Meeting Forty-Niners first-round draft pick Solomon Thomas motivated Deshonnte Jones, 21, an incarcerated standout high school running back, to keep pursuing his NFL dreams. The tour of San Quentin State Prison gave the San Francisco Forty-Niners 2017 class of rookies perspective.
“Those guys are where I want to get to,” Deshonnte Jones said. “I got detoured, but when I get out in a couple of years, I’m going right back to school.”
Jones said he had 3,025 all-purpose yards for Taft High School in Los Angeles and made it to the championship game his senior year. College scouts circled him. He wanted to go to the University of Southern California, but he needed to start at community college to bring his grades up. However, one of his brothers was murdered and another died three months later of sickle cell anemia. Without any other male figures in the house, Jones lost direction. He ended up in prison, serving six years for robbery.
“I didn’t care anymore,” Jones said. “I committed a robbery with no gun for $15 and changed everything. It was the stupidest thing I have ever done.”
Jones met and talked with the rookies like CJ Beathard (Iowa) and Thomas (Stanford), who played against each other in the Rose Bowl. Now they may be teammates.
“It’s really great to talk to the people here and get their perspective,” Thomas said. “It’s really life-changing.”
The Forty-Niner organization sends their rookies on a tour of San Quentin every year so they can gain perspective on the opportunities they earned and the potential effect of one bad decision.
“I bring them every year, and the reason I do is that I need you guys to answer whatever questions they have,” said Rev. Earl Smith to 20 incarcerated men waiting to greet the rookies. “I need you guys to straighten them out and lace them to what it is.”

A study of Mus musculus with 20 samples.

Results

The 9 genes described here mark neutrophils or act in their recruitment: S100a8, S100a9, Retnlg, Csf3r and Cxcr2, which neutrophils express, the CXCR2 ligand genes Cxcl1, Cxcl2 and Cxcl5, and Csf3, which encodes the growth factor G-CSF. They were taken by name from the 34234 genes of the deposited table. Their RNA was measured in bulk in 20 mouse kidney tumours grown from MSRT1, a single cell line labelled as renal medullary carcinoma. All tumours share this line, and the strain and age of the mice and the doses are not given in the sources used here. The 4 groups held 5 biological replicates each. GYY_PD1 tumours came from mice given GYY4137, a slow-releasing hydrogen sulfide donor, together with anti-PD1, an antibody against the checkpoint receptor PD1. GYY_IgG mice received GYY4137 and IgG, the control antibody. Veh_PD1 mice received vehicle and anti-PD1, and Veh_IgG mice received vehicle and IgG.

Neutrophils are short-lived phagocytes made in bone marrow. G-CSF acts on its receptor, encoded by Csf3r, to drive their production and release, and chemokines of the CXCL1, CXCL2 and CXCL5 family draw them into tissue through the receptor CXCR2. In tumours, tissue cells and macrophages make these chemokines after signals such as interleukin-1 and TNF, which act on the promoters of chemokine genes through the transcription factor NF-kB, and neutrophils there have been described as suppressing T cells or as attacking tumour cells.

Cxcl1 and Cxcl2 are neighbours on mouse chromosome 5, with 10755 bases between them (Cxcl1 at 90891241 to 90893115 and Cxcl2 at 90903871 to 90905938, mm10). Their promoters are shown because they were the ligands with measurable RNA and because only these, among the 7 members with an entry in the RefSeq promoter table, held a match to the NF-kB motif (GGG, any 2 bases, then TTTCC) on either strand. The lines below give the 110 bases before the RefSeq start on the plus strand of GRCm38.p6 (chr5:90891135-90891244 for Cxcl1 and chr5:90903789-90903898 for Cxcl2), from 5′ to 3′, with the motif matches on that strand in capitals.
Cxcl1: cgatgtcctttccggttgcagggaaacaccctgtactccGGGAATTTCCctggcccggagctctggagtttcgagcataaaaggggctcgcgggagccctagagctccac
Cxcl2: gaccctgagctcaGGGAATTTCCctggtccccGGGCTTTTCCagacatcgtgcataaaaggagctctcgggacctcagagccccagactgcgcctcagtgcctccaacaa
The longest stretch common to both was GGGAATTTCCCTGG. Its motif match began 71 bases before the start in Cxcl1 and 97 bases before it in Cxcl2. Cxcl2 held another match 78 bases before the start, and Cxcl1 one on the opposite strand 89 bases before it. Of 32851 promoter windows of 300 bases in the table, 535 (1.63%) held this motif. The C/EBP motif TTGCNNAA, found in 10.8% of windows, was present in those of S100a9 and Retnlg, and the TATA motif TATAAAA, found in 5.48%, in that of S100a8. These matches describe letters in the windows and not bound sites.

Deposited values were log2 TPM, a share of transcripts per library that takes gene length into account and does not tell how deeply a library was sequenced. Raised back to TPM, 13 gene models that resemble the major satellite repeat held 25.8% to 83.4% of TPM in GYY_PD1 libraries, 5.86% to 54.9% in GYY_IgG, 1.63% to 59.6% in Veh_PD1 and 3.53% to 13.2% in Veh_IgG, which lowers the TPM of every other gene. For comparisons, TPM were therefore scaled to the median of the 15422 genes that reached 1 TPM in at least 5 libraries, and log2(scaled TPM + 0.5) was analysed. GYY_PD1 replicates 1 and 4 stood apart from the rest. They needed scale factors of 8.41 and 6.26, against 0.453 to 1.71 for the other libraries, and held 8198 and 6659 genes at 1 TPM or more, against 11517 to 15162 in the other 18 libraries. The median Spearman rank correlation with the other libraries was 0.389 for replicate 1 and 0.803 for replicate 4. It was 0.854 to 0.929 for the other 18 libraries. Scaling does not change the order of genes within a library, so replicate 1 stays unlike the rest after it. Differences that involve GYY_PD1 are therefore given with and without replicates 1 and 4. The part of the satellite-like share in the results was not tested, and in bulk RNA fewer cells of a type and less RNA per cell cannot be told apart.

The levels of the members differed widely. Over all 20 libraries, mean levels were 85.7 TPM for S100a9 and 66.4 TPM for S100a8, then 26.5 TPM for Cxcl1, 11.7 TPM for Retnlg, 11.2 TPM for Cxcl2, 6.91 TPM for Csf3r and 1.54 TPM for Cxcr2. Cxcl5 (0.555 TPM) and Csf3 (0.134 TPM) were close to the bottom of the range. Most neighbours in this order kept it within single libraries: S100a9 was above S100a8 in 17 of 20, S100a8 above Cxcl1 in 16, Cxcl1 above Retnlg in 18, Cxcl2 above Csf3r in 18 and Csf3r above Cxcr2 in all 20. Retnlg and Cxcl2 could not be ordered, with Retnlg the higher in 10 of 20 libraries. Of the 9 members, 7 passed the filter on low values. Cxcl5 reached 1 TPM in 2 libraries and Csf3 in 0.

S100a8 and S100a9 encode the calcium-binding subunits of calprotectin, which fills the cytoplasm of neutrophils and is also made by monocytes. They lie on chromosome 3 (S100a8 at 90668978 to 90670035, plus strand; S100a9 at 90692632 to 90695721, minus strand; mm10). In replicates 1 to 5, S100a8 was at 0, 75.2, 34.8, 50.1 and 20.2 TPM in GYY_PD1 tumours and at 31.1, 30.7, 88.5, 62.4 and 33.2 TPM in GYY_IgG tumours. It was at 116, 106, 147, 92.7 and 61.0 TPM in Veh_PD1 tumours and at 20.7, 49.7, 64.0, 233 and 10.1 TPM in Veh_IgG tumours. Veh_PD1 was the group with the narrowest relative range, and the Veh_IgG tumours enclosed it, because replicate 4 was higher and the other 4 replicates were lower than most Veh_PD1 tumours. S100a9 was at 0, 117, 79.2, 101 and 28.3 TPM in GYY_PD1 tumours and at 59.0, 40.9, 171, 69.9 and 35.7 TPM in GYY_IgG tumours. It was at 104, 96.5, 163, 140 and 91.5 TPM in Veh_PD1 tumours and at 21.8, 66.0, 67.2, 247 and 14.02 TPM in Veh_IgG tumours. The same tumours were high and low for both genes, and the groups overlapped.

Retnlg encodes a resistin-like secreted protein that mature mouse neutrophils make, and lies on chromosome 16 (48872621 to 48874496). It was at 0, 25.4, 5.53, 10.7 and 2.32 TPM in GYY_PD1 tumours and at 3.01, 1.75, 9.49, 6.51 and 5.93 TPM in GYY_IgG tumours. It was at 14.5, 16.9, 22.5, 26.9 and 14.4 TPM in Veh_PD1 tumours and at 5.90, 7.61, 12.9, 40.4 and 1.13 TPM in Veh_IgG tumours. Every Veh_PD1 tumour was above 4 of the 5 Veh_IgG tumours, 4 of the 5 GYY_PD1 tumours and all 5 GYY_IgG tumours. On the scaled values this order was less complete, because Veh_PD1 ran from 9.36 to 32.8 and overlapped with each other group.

Smith worked at San Quentin as a chaplain before becoming the chaplain for the Golden State Warriors and the Niners. Retired Niner Parys Haralson also escorted the rookies inside the prison. They came with about 25 young football players.
“I think it’s a good experience,” Haralson said. “I think it helps.”
Darrell Williams (West Kentucky) said, “Not everybody is bad, whether they are in prison or not, and we’re living in a different world. All I knew was what I saw on TV. It’s good to be here and see what’s real and what’s fake.”
At the start of the tour, the rookies gathered before the incarcerated men and heard what other prisons are like, compared to San Quentin. They were told about the Prison University Program and self-help groups. They asked questions like, “What’s your day like? What kind of classes can you take here?” Then they walked the yard and went inside cells.
Some of the rookies, like Adrian “AC” Colbert, were only a father away from ending up in prison. “Three of my best friends died from gang violence, and I’m only 23,” Colbert said. “I feel like a lot of men fail because their fathers aren’t there or don’t give a damn about them.”
Colbert met his grandfather in prison on a visit when his father was incarcerated. However, his father turned his life around and taught his son not to follow a negative lifestyle. Colbert played for the University of Texas and the University of Miami.
Cornerback Ahkello Witherspoon added, “My father’s from Compton. He wanted better for me.”
Witherspoon grew up in Sacramento. The 22-year-old played for the University of Colorado.
Jones may see the Forty-Niners again thanks, in part, to a program that allows men who committed their crimes as juveniles to do their time in a lower-level prison.
“I got a second chance coming here,” Jones said. “An organization that gives scholarships to foster kids committed to give me one when I’m released.”
Some of the other rookies that visited included: Trent Taylor, Jimmie Gilbert, Kendrick Budne, Zach Franklin, Chance James, Erik Maynuson, DJ Jones, Matt Walsh, Noble Nwachukwu, Richard Levy and Nick Mullens.